Cue the cheers, the French Grand Prix is over and done, now Formula 1 heads for the Red Bull Ring for the Austrian Grand Prix.
Now, the Circuit Paul Ricard didn’t serve up a classic by any stretch of the imagination, so let’s hope that part two of the back-to-back race weekends recaptures our attention.
After all, it can’t get any worse, right?
With victory last time out Lewis Hamilton made it ten-straight wins for Mercedes, while stretching his own lead at the top of the Drivers’ Championship to 36 points over team-mate Valtteri Bottas.
Sadly we have to remind you all that the Red Bull Ring is a place where the Silver Arrows have been fast – not since Felipe Massa in 2014 has there been a non-Mercedes driver on pole, while it took until last year for there to be a non-Mercedes race winner – Max Verstappen did the business in 2018, giving Red Bull their first Formula 1 win at their own circuit.
Of course a strategical blunder and double retirement for Mercedes did aid the Dutchman’s cause, but it gives fans hope of a similar meltdown this time around.
However, the German manufacturer have been solid through 2019 in every department – on the track, in the paddock and at the factory. So, considering their dominant record here and complete control over the 2019 season, it’s difficult to see them being stopped without any disasters.
At 4.318 km, this is one of the shortest laps on the Formula 1 calendar – Bottas’ pole time last year was a lightning-fast 1:03.130, while his compatriot Kimi Raikkonen set a new lap record in the race with a 1:06.957.
It’s also a high-power track which should give Ferrari a boost with their straight-line speed, while Red Bull will hope that Honda’s PU upgrade will deliver more of an advantage here than what we saw at Paul Ricard.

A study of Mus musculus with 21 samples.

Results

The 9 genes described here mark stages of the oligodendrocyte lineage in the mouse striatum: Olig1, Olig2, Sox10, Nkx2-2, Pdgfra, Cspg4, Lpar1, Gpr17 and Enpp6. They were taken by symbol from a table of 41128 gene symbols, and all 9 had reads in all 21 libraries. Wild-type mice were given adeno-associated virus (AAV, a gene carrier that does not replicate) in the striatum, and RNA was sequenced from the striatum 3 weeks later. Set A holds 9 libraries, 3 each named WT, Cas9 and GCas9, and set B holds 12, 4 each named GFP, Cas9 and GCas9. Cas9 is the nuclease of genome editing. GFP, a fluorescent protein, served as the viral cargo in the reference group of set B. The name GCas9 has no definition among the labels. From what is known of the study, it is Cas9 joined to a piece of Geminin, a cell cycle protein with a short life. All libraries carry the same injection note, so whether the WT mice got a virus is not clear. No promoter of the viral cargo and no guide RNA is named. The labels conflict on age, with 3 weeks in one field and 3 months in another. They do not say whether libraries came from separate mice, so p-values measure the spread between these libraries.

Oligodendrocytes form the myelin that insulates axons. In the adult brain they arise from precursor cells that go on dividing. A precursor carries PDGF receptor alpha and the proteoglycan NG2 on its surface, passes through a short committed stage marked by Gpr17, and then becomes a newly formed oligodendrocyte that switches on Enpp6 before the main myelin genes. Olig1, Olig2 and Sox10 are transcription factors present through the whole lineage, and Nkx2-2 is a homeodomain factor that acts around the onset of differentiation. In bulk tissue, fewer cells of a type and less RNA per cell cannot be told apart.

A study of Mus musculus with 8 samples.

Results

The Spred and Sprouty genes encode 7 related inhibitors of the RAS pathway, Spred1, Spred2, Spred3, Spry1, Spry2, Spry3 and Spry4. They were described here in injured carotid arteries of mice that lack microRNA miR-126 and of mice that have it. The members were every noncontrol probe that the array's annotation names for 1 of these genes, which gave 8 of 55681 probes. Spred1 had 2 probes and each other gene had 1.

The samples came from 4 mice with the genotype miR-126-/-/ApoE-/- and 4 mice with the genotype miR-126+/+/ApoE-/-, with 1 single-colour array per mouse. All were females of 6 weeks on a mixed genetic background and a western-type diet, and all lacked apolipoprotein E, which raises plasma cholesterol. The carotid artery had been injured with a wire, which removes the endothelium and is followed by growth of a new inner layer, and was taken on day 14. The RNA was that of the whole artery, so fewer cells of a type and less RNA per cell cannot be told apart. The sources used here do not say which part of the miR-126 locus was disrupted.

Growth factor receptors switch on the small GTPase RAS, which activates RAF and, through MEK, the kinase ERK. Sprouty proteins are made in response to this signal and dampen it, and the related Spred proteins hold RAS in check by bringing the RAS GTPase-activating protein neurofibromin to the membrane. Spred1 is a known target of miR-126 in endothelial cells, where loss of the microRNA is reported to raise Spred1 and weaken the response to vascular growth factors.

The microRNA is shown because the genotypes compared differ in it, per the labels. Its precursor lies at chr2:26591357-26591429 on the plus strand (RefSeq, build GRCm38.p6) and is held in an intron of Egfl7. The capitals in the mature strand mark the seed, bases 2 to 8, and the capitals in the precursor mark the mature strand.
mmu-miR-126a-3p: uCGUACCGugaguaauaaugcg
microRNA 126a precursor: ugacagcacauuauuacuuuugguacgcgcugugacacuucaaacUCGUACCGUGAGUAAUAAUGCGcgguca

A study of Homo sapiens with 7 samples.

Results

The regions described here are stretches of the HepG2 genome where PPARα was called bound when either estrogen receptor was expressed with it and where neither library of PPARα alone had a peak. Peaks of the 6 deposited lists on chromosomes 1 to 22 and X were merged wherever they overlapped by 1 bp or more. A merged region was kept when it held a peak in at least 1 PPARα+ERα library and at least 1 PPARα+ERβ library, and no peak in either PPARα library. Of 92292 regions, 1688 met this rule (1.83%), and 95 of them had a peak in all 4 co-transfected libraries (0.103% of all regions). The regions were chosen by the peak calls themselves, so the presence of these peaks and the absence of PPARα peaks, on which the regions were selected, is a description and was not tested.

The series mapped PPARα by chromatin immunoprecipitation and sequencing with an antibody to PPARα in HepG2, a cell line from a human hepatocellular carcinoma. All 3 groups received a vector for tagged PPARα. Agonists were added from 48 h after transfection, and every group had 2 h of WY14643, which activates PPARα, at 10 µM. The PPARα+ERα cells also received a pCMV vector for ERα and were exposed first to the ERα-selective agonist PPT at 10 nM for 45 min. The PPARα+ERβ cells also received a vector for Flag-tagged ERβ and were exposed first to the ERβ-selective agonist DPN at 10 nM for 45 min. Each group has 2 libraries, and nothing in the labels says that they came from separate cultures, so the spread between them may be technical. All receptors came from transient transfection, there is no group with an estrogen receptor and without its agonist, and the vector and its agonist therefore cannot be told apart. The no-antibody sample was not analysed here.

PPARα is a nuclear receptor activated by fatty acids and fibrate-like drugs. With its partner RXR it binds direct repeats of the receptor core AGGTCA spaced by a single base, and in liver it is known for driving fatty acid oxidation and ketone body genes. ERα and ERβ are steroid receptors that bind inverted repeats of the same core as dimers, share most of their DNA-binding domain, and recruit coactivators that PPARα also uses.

Should Mercedes encounter problems, we could have a battle between the Ferraris and Max Verstappen for the win to look forward to. Pierre Gasly has some work to do if he wants to be a factor, while Sebastian Vettel needs a strong showing in Spielberg after an underwhelming display last weekend to say the least.
The French GP threw up another anomaly for Ferrari and Red Bull to watch out for in the form of McLaren.
Long absent from the business-end of the grid, the multi-time Formula 1 champions showed fantastic one-lap pace at Paul Ricard, with Lando Norris qualifying P5 and Carlos Sainz P6, ahead of Vettel.
The team themselves had no idea where that pace came from, though it gave them hope for the race.
Things didn’t quite go as planned, but while they didn’t have the performance to hang with Ferrari or Verstappen in race set-up, they have made an impressive step forward and right now look to be best-of-the-rest leaders of that midfield pack.
Perhaps Austria is the start of few lonely races while they hang in limbo between the midfield and top three, or perhaps it was a positive blip and they will be battling for a top 10 spot again at the Red Bull Ring? It will be interesting to find out either way.
For the boring affair that it was, there are nonetheless talking points throughout the grid after France.
— Planet F1 (@Planet_F1) June 24, 2019
Daniel Ricciardo for example is starting to show his ruthless side. The bleep machine was needed even before he found out about his two five-second penalties for ignoring track limits while battling Norris and Raikkonen on the last lap.
Sergio Perez was given a bizarre five-second penalty of his own for leaving the track on the first lap, following the safety bollards to return to the track, but gaining an advantage in doing so according to race control.
Even after race director Michael Masi’s explanation, Perez along with pretty much everyone was still left scratching their heads.
Haas tell Grosjean: "We need to retire the car."
— Planet F1 (@Planet_F1) June 23, 2019
How about the rather ticked off Romain Grosjean? He wasn’t happy with Ricciardo for their incident in Q1, he wasn’t happy with Haas for not giving him the rear-suspension upgrade at his home race, instead handing it to team-mate Kevin Magnussen, and then he wasn’t particularly impressed with the VF-19’s sheer lack of performance.
We saw the tables turn on inter-team battles – Antonio Giovinazzi outqualified Raikkonen for the second race running, while at Williams Robert Kubica finally finished ahead of George Russell on a Sunday.
The message is yes, the French GP wasn’t a classic, but it did throw up plenty of interesting situations like these, and it will be intriguing to see the next step which they take in Austria, or whether they play any role at all in what goes down in Spielberg.
Dig deeper, and we see there are plenty of reasons to tune in to the Austrian Grand Prix.